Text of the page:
Trader's thoughts - The long and short of it

The ASX 200 looks lonely on the intraday-market-map. Of the world’s most watched equity indices, it stands-out as the lone sliver of green in an otherwise sea of red.

Market data Source: Bloomberg

ASX was up; but global stocks struggle

The ASX 200 looks lonely on the intraday-market-map. Of the world’s most watched equity indices, it stands-out as the lone sliver of green in an otherwise sea of red. There is 2 hours left in Wall Street trade at time of writing, so, yes, this is to assume US stocks don’t rally into the close. With the themes playing out in financial markets in the past day or so, this is certainly looking a long-shot. Selling truly has been rife wherever you look. Volumes have been elevated across global markets, betraying a conviction behind this bearish impulse in the market. The cause for the pull-back is clear in the mind’s of market-participants: the future of global growth is still dimming.

Dovish ECB; bearish market

Looking at some of the economic data received this week, and one might be (somewhat) forgiven for believing that the global growth outlook has proven better than once thought. Ignoring Australian data for a moment – it really isn’t that influential on the world stage – global economic data, while certainly mixed, hasn’t flashed any dire warning signs. The turn in sentiment can largely be laid at the feet of the ECB last night. ECB President Mario Draghi and his team has seemingly spooked markets, downgrading the Eurozone’s growth forecasts to a measly 1.1%, and announced a fresh program of long-term bank lending to support financial conditions and boost credit creation in the economic-bloc.

Euro-falls as ECB rate-hike bets unwound

Market participants knew that such an outcome was likely to come from last night’s ECB meeting. For whatever reason, the confirmation of Europe’s impending slow-down still rattled traders’ nerves. Interest rate markets were awoken back into reality. The implied probability of a rate hike this year from the ECB tumbled from around 50% to just above 20%. German Bund yields were hammered, falling to 0.06% – lows not seen since the end of 2016. The Euro was gut-checked, as were the Europe-sensitive Scandi currencies and the Pound, galvanizing a flight of capital into USD denominated safe-havens. The USD now sits points away from multi-year highs.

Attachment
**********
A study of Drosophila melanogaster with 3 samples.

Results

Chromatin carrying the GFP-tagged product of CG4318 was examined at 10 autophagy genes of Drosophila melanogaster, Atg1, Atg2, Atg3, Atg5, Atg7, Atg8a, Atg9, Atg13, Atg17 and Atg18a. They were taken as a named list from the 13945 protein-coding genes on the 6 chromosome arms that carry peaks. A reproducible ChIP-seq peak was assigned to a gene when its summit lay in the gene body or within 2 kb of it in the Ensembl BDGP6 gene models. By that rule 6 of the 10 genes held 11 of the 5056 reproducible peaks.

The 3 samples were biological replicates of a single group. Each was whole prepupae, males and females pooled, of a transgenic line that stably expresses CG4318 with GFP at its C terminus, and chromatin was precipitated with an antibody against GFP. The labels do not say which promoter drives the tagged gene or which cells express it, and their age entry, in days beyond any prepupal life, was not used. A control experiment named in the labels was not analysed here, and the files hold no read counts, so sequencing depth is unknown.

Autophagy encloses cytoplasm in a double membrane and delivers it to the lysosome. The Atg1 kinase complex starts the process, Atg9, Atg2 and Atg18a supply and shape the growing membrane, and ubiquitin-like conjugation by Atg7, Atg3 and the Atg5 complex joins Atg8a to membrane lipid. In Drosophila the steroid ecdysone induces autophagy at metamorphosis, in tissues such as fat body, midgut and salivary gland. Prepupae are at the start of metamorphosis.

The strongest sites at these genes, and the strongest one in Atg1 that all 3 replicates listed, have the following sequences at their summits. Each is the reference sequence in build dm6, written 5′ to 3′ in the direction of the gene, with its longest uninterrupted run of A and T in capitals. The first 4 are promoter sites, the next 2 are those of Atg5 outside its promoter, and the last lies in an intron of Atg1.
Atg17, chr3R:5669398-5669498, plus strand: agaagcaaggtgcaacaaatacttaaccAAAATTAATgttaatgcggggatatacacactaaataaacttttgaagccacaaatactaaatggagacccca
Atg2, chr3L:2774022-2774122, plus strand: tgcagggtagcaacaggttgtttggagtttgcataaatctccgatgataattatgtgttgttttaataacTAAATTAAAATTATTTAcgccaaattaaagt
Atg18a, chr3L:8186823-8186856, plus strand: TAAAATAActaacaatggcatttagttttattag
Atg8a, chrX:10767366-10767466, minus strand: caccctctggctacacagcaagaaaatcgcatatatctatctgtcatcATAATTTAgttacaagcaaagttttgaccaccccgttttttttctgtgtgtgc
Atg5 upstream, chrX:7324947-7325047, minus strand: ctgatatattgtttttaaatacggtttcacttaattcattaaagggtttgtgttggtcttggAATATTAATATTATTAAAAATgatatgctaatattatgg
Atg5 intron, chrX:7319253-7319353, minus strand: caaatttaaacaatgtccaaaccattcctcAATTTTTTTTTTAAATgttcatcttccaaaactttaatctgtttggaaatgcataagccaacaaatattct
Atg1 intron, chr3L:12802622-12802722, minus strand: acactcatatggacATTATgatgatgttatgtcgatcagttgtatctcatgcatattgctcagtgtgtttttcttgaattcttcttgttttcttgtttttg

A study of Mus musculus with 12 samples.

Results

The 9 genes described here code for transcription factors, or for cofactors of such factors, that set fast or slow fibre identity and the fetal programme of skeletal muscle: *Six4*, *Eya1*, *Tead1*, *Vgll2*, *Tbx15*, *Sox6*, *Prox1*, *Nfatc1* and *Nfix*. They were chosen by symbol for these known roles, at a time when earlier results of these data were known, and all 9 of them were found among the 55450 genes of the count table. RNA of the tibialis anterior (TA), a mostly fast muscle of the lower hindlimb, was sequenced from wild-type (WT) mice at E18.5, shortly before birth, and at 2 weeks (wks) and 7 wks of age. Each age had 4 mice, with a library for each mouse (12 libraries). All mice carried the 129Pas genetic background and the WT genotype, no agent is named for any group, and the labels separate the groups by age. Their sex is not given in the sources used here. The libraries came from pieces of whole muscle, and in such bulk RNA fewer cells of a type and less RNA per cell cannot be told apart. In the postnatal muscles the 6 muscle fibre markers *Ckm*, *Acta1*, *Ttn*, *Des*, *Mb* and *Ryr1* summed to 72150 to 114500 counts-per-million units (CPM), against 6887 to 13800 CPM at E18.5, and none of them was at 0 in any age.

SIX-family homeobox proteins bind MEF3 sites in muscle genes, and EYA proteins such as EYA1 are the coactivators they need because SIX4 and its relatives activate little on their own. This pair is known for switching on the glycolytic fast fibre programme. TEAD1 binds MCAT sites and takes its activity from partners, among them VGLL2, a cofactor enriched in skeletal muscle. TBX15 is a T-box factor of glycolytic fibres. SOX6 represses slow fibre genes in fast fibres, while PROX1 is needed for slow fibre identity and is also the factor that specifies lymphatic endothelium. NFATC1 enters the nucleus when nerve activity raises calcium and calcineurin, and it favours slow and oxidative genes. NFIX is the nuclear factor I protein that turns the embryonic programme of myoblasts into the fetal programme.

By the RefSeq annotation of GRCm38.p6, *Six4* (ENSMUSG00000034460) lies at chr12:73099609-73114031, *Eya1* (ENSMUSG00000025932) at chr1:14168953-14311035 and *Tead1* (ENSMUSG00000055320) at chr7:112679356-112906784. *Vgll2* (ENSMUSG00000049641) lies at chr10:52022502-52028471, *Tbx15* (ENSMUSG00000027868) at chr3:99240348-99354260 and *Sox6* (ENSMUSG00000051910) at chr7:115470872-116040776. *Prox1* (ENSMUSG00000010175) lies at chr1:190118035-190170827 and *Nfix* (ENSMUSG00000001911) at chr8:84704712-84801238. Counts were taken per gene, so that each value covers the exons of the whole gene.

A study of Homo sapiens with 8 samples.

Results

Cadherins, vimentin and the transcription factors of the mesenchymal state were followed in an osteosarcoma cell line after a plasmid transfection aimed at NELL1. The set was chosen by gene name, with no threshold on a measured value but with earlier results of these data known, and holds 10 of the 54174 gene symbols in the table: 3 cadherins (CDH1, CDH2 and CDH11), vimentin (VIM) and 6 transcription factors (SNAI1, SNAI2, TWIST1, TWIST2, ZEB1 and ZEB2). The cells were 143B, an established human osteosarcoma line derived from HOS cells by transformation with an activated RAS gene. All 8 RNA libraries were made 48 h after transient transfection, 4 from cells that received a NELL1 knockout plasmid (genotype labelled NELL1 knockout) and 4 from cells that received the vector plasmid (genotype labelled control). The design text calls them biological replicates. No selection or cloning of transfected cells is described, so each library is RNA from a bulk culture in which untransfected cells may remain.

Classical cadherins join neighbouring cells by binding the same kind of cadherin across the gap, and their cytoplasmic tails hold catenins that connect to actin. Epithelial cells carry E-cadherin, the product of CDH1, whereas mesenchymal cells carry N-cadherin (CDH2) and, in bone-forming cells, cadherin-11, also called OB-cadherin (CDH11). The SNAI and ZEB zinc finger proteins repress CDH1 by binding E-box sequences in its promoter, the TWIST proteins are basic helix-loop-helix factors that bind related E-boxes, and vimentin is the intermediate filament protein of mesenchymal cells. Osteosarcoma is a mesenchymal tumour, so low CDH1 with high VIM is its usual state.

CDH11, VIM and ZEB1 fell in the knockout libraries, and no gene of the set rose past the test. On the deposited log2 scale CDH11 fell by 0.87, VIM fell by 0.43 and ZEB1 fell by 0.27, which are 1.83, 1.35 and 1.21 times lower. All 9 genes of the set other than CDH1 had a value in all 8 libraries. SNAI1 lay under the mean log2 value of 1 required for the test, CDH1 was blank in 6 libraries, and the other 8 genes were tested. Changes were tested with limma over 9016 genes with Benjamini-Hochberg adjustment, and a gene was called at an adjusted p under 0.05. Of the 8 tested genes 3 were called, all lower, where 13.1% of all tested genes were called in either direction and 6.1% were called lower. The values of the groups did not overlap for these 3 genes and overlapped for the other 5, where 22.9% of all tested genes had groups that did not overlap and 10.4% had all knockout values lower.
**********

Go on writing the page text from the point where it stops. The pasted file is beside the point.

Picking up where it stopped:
Bad news actually meant bad news

This shouldn’t be refreshing, but when bad-news actually means bad-news, it restores a little bit of sense in the financial world. What is meant by this, is that very often, especially as it relates to the US Fed, bad economic news for the “real-economy” is seen as a positive for financial markets. That is: softer economic conditions implies lower rates and more cheap money, which means its less risky to take a punt on risk assets. It’s perverse to think this way. But seeing a bridge between the “real economy” that most people live-in, and the (arguably) false economy occupied by the minority, provides a bitter sweet consolation that if pain is necessary, then at least its justly shared.

Huawei to sue US government

That’s a little abstract, of course. People, policy makers and market participants probably won’t welcome any sort of dramatic tragedy in their financial affairs. Especially so, when geopolitics adds another level of danger to markets and the economy. For one, Chinese stocks were downed during yesterday’s Asian trade, following news that Huawei planned to sue the US government, on grounds that US legislation, recently enacted, banning government agencies from buying Huawei products is “unconstitutional”. There is a brilliant irony in a Chinese company, with alleged ties to the Chinese government, challenging the constitutional spirit of a US law. It’ll be a political soap opera to watch. For market-bulls, it will be one to watch for its implications for the trade war.

ASX registers a solid day

Fortunately, though, for market bulls: yesterday’s Huawei news contained its impacts to Chinese markets. Here in Australia, as alluded to earlier, stocks marched to the beat of their own drum. The weaker Australian Dollar and fall in interest rate expectations continued to support the ASX, with dividend-stock dominated sectors like utilities and the tele-cos leading the market higher. It will be interesting to see how long the sugar hit related to the assumed rate-cuts from the RBA this year will last. Fundamental growth must come back to fore. And perhaps that will be soon, with the heavily weighted mining sector retracing as industrial metal prices fall; and the banks demonstrate signs of weakness due to a local economic slow-down.

US Non-farm Payrolls tonight

Speaking of the Australian Dollar, with the USD rallying like a freight-train this morning, a break into the 69 handle looks increasingly likely. At time of writing, the currency is trading at 0.7010, and could quite easily make its foray below 0.7000 at any stage today. If not, the major flash point could come this evening: perhaps the week’s biggest data release drops – US Non-Farm Payrolls. The US unemployment rate is expected to have dropped to 3.9%. As always, the key point to watch will be the average hourly earnings number. If it comes into hot, the USD stands to rally, as markets become forced to price in a rate hike in 2019 by the Fed.